Three Rivers awarded over $2M to save family farms
Published 4:38 pm Wednesday, October 25, 2023
President John F. Kennedy once said that the farmer is “the only man in our economy who must buy everything he buys at retail — sell everything he sells at wholesale — and pay the freight both ways.”
Accounting for nearly 20% of the overall gross state product, North Carolina agricultural lands are indispensable. They are the visible embodiment of the largest economic sector in our state, grossing more than $100 billion in economic value.
“While there may not be a building or parking lot in the rural fields of our state, make no mistake, they are North Carolina’s number one industry,” said Travis Morehead, executive director of TRLT.
Between 2001 and 2016, 732,000 acres of farmland in North Carolina were developed or compromised. That means that NC lost or compromised 5.5 acres of farmland every hour for 15 years. If we continue to grow as we have historically, it is projected NC will lose another 1.1 million acres of farmland by 2040 according to the American Farmland Trust.
“The rapid loss of agricultural lands is why we have dedicated significant resources to permanently conserve family farms in our region,” Morehead said. “When we lose a farm to development, we lose our region’s character and our way of life.”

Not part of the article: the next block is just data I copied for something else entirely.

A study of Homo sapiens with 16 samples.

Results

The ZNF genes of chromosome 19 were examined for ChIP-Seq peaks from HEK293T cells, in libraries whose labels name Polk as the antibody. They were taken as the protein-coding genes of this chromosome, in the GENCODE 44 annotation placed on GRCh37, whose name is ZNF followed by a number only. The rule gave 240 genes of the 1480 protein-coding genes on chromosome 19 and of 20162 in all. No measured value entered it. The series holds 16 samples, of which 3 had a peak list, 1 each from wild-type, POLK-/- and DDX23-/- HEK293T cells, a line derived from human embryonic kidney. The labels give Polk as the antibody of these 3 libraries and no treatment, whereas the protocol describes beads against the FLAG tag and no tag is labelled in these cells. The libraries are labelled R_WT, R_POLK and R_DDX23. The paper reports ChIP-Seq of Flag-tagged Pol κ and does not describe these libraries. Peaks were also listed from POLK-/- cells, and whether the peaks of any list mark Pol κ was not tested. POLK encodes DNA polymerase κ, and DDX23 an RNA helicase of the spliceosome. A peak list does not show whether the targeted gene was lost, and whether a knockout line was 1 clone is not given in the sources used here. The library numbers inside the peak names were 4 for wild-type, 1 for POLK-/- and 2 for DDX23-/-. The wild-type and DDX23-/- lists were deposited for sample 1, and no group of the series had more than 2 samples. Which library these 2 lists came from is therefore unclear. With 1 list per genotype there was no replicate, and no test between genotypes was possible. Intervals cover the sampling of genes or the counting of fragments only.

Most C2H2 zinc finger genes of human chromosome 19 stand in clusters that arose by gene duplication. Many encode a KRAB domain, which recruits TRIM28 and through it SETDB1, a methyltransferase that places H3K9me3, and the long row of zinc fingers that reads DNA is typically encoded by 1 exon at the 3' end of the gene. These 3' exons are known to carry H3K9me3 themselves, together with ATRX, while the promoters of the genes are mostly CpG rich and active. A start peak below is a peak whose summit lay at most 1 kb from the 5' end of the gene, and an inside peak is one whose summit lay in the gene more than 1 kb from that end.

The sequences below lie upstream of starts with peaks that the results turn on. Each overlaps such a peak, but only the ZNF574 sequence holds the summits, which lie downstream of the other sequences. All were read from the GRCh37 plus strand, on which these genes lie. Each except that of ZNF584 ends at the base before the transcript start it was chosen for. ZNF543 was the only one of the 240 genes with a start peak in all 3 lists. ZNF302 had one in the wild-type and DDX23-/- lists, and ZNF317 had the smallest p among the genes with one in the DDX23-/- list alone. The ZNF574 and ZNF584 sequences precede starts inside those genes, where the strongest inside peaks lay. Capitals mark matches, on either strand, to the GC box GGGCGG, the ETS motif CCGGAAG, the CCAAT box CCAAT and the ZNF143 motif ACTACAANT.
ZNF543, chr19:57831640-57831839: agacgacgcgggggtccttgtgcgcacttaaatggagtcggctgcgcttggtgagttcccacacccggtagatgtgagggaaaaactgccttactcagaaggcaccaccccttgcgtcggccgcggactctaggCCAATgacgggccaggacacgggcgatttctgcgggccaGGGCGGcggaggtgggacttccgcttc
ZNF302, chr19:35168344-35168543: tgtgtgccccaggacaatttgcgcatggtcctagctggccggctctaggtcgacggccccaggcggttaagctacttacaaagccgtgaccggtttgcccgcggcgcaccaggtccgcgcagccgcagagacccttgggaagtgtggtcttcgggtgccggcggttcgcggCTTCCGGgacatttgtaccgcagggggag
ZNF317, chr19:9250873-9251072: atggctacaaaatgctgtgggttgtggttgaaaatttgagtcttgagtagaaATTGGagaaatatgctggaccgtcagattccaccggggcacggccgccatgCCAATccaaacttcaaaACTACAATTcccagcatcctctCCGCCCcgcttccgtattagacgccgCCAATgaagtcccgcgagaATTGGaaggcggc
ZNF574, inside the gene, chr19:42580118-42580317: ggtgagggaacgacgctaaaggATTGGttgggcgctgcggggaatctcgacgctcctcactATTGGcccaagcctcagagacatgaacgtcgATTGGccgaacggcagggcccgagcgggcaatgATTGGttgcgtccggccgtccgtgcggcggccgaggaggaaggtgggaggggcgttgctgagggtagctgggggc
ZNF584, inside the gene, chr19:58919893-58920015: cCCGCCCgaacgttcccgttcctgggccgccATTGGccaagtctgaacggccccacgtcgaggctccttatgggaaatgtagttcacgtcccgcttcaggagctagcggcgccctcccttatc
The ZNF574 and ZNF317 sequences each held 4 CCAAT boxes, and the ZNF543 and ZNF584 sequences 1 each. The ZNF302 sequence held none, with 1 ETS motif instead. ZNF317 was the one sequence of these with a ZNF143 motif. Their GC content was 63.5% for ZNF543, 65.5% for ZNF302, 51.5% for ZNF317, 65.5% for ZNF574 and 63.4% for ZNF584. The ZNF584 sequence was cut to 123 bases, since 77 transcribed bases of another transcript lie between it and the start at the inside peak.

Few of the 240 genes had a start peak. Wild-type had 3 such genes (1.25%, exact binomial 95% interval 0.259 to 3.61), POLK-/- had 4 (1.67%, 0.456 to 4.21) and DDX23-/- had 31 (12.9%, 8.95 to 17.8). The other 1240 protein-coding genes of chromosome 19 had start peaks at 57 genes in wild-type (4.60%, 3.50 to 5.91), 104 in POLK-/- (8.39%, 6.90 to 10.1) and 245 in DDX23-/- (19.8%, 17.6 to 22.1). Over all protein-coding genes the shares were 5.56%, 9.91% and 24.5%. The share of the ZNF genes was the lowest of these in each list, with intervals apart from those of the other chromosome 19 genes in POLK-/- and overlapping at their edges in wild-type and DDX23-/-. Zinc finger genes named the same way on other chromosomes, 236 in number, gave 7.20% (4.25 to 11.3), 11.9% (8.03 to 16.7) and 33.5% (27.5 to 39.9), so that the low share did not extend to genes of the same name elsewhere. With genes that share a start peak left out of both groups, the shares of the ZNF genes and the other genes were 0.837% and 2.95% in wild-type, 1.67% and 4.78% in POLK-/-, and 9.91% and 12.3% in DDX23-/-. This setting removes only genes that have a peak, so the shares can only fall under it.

Three Rivers Land Trust submitted several applications this year to the NC Agricultural Development and Farmland Preservation (NCADFP) Trust Fund, and the USDA Agricultural Conservation Easement Program (ACEP) for the purchase of farmland conservation easements and has been awarded funds for five of these farms.
In August 2023, the federally funded USDA ACEP program awarded $977,812 to Three Rivers Land Trust for the protection of a dairy farm in Iredell County. This first phase protects 380 acres of the farm with more portions of the farm anticipated to be conserved in the future. Since 2003, there has been a dramatic decline in the number of dairies in the United States, with a loss of more than half of licensed dairy operations and now there are just shy of 32,000 dairy operations in the entire United States.
Protecting farms with purchased conservation easements helps ensure these operations continue to be economically sustainable.
In October, the state-funded NCADFP Trust Fund awarded funds to TRLT for four farms totaling $1,459,422. This includes two small grain farms totaling 169 acres in Cabarrus County, a 45-acre beef cattle farm in Davidson County and a 75-acre sheep farm in Moore County.
“We are incredibly excited to have been awarded funds for these projects,” Associate Director Crystal Cockman said. “Without the support of these grant agencies, TRLT corporate partners like Chick-fil-A and SC Johnson Company, and TRLT members, our ability to conserve our region’s farms would not exist.”
The total award from these farmland grant agencies totals $2,457,234 and will protect 659 acres.
This is all funding that will go to landowners for the permanent conservation of their properties. To learn more about how to conserve lands or how support Three Rivers Land Trust in its conservation mission, contact Emily Callicutt, senior land protection specialist at Three Rivers Land Trust, by calling 704-647-0302 or by email at email@example.com.